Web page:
Solved calling CMD script info

February 19, 2020 at 05:18:17
Specs: Win 10, 8GB
What I'm trying to do is this:
Suppose I have a CMD script that is run for whatever purpose, also needs to know the following:
It needs to know whether or not a a given script was called from the command prompt in the CMD-application,
or that it was called from another CMD-script (using the CALL function). In addition, it would be nice if it would know what the caller script name was.

I have an idea how to make it work, but that involves changing each of these CMD files to be adapted to contain some specific code. A better solution is that it would work from any script, no matter what code the caller script has.

Is it possible, if yes: how ?

message edited by Looge

✔ Best Answer
maby if you where to log the CALL command from within the fuction, with the variable:

CALL :label-name will call the function form inside the .bat file
CALL no-colon calls the .bat / .com file in %~dp0 (the folder where the already running .bat orininates) and executes it before the "host" .bat can contuniue.

You can also pass variables from the host .bat to the 2nd bat file to call another function in the 2nd one.

But in terms of logging, im not really sure where to begin.

TL;DR yes it should be doable

i think best would be that each .bat and function also calls a function from itself echoing %~nx0 to a logg.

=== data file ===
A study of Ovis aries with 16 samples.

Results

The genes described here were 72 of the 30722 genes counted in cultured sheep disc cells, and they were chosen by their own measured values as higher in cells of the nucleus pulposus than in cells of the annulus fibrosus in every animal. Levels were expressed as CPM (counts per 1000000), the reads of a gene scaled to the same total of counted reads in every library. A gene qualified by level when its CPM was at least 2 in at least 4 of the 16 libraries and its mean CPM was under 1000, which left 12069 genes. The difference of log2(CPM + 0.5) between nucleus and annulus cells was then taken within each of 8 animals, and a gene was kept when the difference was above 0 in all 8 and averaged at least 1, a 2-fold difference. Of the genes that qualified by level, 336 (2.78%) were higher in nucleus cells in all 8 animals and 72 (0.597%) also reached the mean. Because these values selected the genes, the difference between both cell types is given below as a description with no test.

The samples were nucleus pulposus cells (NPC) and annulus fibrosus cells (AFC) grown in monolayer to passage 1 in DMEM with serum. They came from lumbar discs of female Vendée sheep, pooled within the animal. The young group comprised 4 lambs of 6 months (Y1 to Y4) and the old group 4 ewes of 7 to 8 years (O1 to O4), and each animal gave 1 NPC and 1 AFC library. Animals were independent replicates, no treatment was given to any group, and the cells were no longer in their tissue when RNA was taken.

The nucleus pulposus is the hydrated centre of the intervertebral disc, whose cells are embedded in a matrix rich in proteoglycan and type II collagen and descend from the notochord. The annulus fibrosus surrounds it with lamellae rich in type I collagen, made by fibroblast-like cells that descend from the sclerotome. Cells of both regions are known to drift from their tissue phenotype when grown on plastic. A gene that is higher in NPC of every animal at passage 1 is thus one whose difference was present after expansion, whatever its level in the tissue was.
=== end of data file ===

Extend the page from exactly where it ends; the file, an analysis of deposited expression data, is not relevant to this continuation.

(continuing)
Could you explain some scenario's/examples?

Yes, I have one easy example of such:

Any CMD-script that runs into some kind of error, would report such an error.
It does so ... by calling a generic script. That one is actually called error.cmd
So, take an example of "this_script.cmd", which at some points calls "error.cmd", with some parameters.

That script however - error.cmd - would have a nice feature if it could say:
"this_script.cmd" caused an error.

Keep in mind that the script "this_script.cmd" is not actually the script that is called directly.
So it's not like: I run "this_script.cmd" and it reports an error, so the error must be there.
No, there's another script, which calls different scripts, including "this_script.cmd"

Any script can error out, in this example.
How would you know it is "this_script.cmd" ?

Hidde, I've marked your answer as Best Answer but it doesn't comply with the requirements as posted, being the fact that I wish to avoid changes to every single script, before this feature to be working.